Church-Affiliated Hospital Pension Plans Exempt from ERISA’s Requirements
Petitioners in the case were three church-affiliated nonprofits that ran hospitals and offered defined-benefit pension plans to their employees. The plans were established by the hospitals rather than by a church and were managed by internal employee-benefits committees. Respondents, current and former employees of the hospitals, had filed class actions alleging that their employers’ pension plans did not fall within ERISA’s “church plan” exemption because the plans had not been established by churches. The District Courts had agreed with the employees’ position, and the Third, Seventh, and Ninth Circuits affirmed those decisions.
The Supreme Court unanimously rejected Respondents’ argument. The Court, led by Justice Kagan, held that while Congress had initially only included plans “established and maintained” by a church in its definition of “church plan,” Congress’s 1980 amendments to the statute had included all plans “maintained by” principal-purpose organizations in that definition. The Court concluded that “a plan maintained by a principal-purpose organization therefore qualifies as a ‘church plan,’ regardless of who established it.” In so holding, the Court also noted that the three federal agencies responsible for administering ERISA (the Internal Revenue Service, Department of Labor, and Pension Benefit Guaranty Corporation) had long read the 1980 provisions as exempting plans like the hospitals’ from ERISA’s mandates.
Justice Sotomayor wrote a separate concurrence. While she was “persuaded that [the Court’s Opinion] correctly interpret[ed] the relevant statutory text,” she was “troubled by the outcome of these cases.” She observed that “the available legislative history [did] not clearly endorse this result” and said “this silence gives me pause.” “The decision to exempt plans neither established nor maintained by a church could have the kind of broad effect that is usually thoroughly debated during the legislative process and thus recorded in the legislative record.”
Justice Sotomayor also noted that organizations such as those of petitioners bore “little resemblance to those Congress considered when enacting the 1980 amendment to the church plan definition.” They “earn billions of dollars in revenue, and compete in the secular market with companies that must bear the cost of complying with ERISA.” Given this reality, Sotomayor suggested that Congress might be prompted “to take a different path.”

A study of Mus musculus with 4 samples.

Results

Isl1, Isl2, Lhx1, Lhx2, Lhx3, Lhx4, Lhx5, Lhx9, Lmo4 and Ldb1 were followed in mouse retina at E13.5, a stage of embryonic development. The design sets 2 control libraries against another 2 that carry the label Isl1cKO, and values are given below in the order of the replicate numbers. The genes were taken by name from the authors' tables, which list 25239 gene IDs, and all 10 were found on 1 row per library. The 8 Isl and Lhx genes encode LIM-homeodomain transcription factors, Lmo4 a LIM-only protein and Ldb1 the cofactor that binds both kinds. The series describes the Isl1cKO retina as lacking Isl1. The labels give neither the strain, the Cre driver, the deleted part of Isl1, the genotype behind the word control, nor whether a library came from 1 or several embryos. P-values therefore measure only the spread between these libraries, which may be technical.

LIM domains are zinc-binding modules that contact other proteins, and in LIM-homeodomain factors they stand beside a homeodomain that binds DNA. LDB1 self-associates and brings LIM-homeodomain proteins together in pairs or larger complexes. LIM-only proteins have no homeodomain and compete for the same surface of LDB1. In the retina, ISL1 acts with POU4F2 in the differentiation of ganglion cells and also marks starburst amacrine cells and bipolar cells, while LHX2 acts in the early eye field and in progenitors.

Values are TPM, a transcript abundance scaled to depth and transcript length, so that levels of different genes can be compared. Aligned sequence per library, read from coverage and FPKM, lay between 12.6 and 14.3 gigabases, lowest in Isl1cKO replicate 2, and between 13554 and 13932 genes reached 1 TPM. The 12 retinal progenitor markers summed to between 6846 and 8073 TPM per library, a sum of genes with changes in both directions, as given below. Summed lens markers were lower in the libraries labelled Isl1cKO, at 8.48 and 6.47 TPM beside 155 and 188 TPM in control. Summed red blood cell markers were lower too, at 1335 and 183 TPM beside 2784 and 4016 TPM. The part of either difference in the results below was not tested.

And it certainly draws into question the wisdom of hundreds of millions of dollars that have been paid in settlements of earlier church plan litigation, when the legal landscape looked much different—for example, in October 2016, Providence Health & Services agreed to pay nearly $352 million to settle class action claims that it had underfunded its pension plan by wrongly treating its plan as a “church plan” exempt from ERISA’s funding and vesting requirements.
The downside of this ruling, of course, is the potential impact on the millions of participants and beneficiaries of plans across the country maintained by church-affiliated organizations, such as schools and hospitals. Pursuant to the Court’s decision, they are not protected by ERISA. ERISA provides federal consistent standards under which benefit plans must be operated – all designed to protect participants and beneficiaries. If ERISA does not apply to these plans, protections relating to fiduciary duties, vesting of benefits, funding, insurance, termination procedures, and claims and appeal rights may not exist. As a result of this ruling, therefore, church-affiliated organizations will have more leeway in the structure, design, and operation of their plans. On the other hand, it should not be forgotten that without ERISA preemption, state laws will govern these plans. ERISA’s remedies are limited, whereas conceivably there may be more (or at least different) avenues for relief available to participants and beneficiaries who are harmed by their benefit plans under state law. With ERISA out of the way, claimants are free to pursue state law claims, such as breach of contract, negligence, and statutory claims, against these plans. In addition, plans may also be liable for extra-contractual damages, such as punitive damages, under state law.